Ira Chernus  


At least 3700, so far. Thatís the number of civilians killed in Afghanistan by U.S. bombing, according to University of New Hampshire Professor of Economics Marc Herold. He spends all day, every day, scouring news reports from around the world and adding up the totals. If his research is confirmed, it means we have probably killed more civilians than they did on September 11. You can get his details at (then click on the "Afghanistan" link).

Where is good old "collateral damage" when we need it? Thatís the phrase the Pentagon used in the Persian Gulf War to describe civilians killed and wounded by U.S. bombs? "Collateral" means "alongside": the human beings killed, maimed, and scarred, not as the main event, but just as along the way, as an aside.

"Collateral damage" is a wonderful phrase because it makes plain just how little those civilian deaths and injuries matter to the generals and admirals: "Oh, by the way, though we set out to kill soldiers, along the way some civilians fell by the wayside." And of course the obligatory, "We regret that they got in the way." But they were just an aside. Irrelevant to the events that really matter. Nothing to get hung about.

Apparently, that level of honesty was old-fashioned 20th century stuff. In the first war of the 21st century, we donít hear the words "collateral damage." In fact, we rarely hear any words about the civilians crushed, gouged, and blown apart by the bombs our tax dollars buy. When the bombing began, we got a few reports of civilian deaths in Afghanistan. Then the Pentagon public relations machine kicked into high gear, and the civilian deaths evaporated, like trickles of water in a drought-stricken plain.

This is worse than treating civilian suffering as incidental. It is denying that the suffering even exists. It is denying that these millions of people exist. By the miracle of modern television, the Afghan civilian population has been disappeared. I would rather have "collateral damage."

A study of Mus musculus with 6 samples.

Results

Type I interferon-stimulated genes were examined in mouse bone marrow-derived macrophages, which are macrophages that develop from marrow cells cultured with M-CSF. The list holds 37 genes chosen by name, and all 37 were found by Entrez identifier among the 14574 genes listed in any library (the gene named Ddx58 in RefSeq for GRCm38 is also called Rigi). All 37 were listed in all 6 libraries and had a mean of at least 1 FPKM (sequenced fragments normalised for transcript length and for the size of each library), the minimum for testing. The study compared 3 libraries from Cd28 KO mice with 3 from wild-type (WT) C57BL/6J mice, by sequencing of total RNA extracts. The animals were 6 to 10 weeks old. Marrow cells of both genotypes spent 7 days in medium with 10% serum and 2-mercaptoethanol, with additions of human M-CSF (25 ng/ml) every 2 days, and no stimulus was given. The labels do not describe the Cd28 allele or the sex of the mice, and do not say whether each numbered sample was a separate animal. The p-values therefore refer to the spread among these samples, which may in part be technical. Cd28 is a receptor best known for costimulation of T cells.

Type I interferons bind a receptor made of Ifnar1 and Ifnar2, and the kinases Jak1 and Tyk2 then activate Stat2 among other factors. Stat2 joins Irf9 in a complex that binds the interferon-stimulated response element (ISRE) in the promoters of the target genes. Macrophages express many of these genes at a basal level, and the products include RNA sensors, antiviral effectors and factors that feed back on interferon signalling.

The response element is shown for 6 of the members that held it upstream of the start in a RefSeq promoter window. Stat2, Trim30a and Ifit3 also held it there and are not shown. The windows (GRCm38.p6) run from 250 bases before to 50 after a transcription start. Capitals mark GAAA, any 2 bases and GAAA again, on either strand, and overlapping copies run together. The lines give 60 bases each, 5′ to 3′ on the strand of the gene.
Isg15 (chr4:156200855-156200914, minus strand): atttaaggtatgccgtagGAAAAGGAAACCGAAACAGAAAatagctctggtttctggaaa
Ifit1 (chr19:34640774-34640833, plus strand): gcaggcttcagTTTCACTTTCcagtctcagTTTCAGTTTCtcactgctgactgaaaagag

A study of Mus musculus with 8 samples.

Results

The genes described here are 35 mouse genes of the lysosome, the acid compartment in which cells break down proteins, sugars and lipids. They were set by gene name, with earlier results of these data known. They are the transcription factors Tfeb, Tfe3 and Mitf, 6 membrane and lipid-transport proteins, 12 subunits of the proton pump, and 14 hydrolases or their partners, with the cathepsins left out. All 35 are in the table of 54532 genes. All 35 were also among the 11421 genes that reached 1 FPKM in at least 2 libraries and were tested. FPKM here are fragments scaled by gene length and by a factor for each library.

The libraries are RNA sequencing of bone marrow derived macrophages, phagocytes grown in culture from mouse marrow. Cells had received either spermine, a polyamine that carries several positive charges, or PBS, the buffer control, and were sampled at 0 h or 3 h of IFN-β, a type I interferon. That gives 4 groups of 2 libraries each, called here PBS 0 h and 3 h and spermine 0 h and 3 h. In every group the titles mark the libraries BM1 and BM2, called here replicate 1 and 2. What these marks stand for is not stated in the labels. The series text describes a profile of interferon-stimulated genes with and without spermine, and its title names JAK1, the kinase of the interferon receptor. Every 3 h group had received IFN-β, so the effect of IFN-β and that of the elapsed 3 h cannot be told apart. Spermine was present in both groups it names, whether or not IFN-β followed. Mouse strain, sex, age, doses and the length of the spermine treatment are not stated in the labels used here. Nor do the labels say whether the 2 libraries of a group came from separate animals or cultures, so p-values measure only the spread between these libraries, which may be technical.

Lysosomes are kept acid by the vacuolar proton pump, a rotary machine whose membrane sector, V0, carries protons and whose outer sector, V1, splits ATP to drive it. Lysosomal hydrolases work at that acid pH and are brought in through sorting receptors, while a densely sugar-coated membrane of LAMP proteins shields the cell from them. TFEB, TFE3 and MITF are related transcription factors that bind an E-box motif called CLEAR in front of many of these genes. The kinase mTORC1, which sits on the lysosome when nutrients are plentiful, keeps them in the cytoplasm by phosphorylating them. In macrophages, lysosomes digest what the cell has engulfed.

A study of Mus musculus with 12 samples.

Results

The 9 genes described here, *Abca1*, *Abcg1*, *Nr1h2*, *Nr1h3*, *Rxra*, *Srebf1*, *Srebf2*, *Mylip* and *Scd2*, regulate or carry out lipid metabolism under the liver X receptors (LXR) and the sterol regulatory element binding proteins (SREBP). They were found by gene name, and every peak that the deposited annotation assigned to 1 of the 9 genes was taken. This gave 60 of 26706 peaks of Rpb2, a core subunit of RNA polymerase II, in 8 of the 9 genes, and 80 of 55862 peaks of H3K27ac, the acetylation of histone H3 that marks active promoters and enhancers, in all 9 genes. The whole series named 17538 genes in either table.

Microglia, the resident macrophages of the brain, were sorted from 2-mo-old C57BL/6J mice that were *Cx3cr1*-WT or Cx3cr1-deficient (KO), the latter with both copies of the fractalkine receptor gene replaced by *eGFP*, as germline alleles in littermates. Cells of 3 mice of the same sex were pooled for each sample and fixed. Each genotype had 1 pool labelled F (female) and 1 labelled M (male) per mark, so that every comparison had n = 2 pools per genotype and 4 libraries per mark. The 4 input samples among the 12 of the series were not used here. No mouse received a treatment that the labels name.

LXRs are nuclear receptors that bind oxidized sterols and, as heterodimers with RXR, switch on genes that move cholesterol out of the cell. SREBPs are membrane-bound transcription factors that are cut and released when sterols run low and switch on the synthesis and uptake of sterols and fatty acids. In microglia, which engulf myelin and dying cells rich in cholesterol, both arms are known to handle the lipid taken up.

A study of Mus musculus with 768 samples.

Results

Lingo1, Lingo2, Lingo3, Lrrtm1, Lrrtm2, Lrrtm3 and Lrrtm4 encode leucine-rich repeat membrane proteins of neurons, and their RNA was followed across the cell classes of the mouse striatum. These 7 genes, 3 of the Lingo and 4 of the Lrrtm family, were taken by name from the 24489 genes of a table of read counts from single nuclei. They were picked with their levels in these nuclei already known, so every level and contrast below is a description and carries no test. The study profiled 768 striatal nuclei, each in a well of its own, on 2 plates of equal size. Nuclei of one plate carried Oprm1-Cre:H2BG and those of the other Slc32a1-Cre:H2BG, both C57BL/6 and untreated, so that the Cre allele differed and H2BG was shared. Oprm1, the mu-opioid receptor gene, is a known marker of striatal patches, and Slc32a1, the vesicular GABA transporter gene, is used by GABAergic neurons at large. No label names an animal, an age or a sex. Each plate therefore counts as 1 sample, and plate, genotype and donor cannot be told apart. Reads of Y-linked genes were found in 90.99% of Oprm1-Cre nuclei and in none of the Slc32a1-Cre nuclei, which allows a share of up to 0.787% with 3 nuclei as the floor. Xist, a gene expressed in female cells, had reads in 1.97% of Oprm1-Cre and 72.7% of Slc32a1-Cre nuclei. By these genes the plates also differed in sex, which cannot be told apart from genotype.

Beyond the 3700 or more direct victims of the bombing are the indirect victims, dying from hunger and cold because relief efforts were suspended. Those victims are, quite literally, countless. No one will ever or can ever count them. We here constant reports that relief shipments are being "resumed," but the results so far seem meager. All the food dropped by U.S. planes would scarcely feed the needy Afghans for a single day. Where snow covers the grow, food drops are useless and starvation increases.

This puts the Pentagonís PR specialists in a bind. Can starving towns and villages really be disappeared from our newspapers and TV screens? On the other hand, can U.S. officials really speak the words "collateral damage"? "Oh, by the way, just as an aside, a million or more human beings fell by the wayside because they got bombs instead of food. We regret these deaths. But they are incidental, irrelevant to the business at hand." That level of honesty might be too embarrassing, even for the Pentagon.

Yes, the Taliban share in the blame. But now that the Taliban are gone, do we want to play the blame game? When George W. Bush was running for president, he told an interviewer,: "We've got a culture that says: ĎIf you have a problem in society, then blame somebody else.í What this country needs to do is to usher in what I call Ďthe responsibility eraí -- where you are responsible for the decisions you make." It seems the president wants us all to take responsibility -- when it is convenient.

The millions facing death do not need tortured debates about who is responsible. They need an end to the bombing and a beginning of massive aid shipments, now. Winter will not wait. If we want to stop terrorism, we should worry less about a few high-profile leaders holed up in the mountains, and more about the outrage that U.S. policies generate, quite understandably, throughout the Muslim world.

For once, I agree with Mr. W. It is time to usher in the responsibility era. We can not wait for a government whose highest moral act is to talk about "collateral damage." We must rise up together, confess that the whole world is responsible, and demand "Food, Not Bombs." United we stand.